A Jacksonville man is suing the federal government for allegedly improperly placing him on the national no-fly list, a counter-terrorism tool.
Zijad Bosnic is a U.S. citizen who makes regular visits to his home country of Bosnia to visit family.
Outside Jacksonville’s federal courthouse Thursday, Bosnic said he should be guaranteed the freedom to travel.
“I’m a U.S. citizen,” he said, “so I feel that I can go back and forth whenever I’d like.”
Bosnic fled civil war in his home country and settled in Northeast Florida 20 years ago. His wife and three kids still live in Bosnia.
In March, he was prevented from boarding a plane back to the U.S. and was informed he’d been placed on the no-fly list. Airline employees told him he should contact the U.S. Embassy. He eventually made it back months later, but he says the episode cost him his shipping clearance that allowed him to transport goods from ports in his job as a truck driver.
Omar Saleh, a lawyer with Florida chapter of the Council on American-Islamic Relations, is representing Bosnic.
“Some as young as 3 or 4 years old are placed on this list based on mere conjecture, hunches or just guesses of these agencies,” he said.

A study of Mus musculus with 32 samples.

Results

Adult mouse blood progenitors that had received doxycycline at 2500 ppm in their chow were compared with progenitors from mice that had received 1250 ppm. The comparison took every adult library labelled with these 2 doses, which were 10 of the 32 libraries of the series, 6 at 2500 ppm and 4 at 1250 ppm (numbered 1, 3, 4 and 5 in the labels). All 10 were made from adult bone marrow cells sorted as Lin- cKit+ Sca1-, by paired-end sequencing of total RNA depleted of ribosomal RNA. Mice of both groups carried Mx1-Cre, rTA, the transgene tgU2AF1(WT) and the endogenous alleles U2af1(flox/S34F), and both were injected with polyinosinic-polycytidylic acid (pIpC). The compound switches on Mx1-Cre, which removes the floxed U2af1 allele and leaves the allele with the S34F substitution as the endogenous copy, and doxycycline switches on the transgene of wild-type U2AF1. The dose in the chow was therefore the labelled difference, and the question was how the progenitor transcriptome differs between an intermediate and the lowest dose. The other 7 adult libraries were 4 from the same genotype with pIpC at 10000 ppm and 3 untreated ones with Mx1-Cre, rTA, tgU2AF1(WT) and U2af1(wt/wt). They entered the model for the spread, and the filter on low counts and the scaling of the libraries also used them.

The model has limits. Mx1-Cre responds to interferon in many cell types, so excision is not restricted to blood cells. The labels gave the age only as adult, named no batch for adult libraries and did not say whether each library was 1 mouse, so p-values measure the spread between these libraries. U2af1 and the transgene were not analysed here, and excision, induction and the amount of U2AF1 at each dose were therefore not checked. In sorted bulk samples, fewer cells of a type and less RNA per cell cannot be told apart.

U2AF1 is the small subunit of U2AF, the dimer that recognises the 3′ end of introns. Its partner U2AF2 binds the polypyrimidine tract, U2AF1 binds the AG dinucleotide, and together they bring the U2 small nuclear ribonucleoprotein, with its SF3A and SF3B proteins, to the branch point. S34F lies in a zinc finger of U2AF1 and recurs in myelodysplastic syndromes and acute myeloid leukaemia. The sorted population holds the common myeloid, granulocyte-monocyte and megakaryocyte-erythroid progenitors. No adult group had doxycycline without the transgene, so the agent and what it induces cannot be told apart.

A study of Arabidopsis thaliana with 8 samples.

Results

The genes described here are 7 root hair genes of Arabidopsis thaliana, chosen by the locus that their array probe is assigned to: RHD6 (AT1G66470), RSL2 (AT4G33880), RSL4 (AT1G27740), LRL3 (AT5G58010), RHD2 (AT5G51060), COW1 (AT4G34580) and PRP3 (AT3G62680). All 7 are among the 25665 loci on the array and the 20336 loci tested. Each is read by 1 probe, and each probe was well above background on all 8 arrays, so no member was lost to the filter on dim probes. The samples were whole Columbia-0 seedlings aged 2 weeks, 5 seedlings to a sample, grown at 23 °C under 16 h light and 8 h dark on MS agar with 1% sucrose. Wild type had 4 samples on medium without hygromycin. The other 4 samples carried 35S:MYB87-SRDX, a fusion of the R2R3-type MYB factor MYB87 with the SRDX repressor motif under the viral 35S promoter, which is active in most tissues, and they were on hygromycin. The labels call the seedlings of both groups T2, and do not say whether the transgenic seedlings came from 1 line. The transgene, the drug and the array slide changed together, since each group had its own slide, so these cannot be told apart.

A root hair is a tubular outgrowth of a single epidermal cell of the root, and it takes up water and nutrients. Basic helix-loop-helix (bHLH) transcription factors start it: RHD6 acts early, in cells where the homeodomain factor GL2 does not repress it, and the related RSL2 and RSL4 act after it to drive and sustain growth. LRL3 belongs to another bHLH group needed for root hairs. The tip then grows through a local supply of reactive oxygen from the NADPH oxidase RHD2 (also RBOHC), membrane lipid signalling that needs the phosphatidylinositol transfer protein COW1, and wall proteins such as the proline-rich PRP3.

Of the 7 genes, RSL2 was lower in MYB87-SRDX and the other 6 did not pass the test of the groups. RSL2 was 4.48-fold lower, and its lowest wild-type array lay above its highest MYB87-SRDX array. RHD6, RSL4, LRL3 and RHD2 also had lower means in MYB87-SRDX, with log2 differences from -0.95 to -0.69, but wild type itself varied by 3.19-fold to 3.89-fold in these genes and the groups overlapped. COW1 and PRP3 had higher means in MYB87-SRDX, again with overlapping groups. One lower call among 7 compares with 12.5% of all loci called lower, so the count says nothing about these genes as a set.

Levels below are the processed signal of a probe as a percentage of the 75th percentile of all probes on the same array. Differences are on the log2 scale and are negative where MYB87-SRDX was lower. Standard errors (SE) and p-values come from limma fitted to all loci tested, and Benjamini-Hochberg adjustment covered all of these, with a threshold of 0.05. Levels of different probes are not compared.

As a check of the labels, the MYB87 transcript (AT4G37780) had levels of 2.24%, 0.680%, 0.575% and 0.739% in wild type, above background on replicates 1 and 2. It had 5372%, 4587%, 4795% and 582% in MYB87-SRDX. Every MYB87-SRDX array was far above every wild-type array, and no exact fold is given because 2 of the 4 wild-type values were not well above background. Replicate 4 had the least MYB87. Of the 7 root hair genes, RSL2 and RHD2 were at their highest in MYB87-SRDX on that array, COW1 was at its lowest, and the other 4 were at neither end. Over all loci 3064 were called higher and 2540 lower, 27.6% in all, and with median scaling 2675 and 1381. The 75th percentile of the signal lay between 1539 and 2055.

Saleh and CAIR National Legal Fund lawyer Lena Masri allege most people on the list were placed there erroneously after it was created following the 9-11 attacks. Masri said they are challenging the list on two fronts — that it violates Bosnic’s due process rights because he was neither informed of his placement, nor was he given a reason why, and it also infringes on his constitutionally guaranteed freedom of movement.
“(It’s) an essential right that we have that is enshrined in our Constitution,” she said. “We are challenging (the list) on the basis of his denial of right to movement,” she said.
Masri said although federal agencies seemed to ramp up use of the list during the Obama administration, she’s received more requests for legal help since President Donald Trump took the helm in January.
The Jacksonville lawsuit is not the first to challenge the no-fly list’s constitutionality. The American Civil Liberties Union in 2004 filed a similar class-action lawsuit, which was settled in 2006.
The ACLU and CAIR have since filed more, forcing officials to revise both the process and the criteria for being added to the list and the process to challenge such a placement. The suits also resulted in judgements mandating the government turn over its reasoning for placing certain complainants on the list.
Masri said Thursday the list should be thrown out altogether.
She and other lawyers representing Bosnic said CAIR could add dozens of cases to his suit or file them separately. The suit filed in Jacksonville follows another CAIR challenge to the no-fly list filed in Utah last month.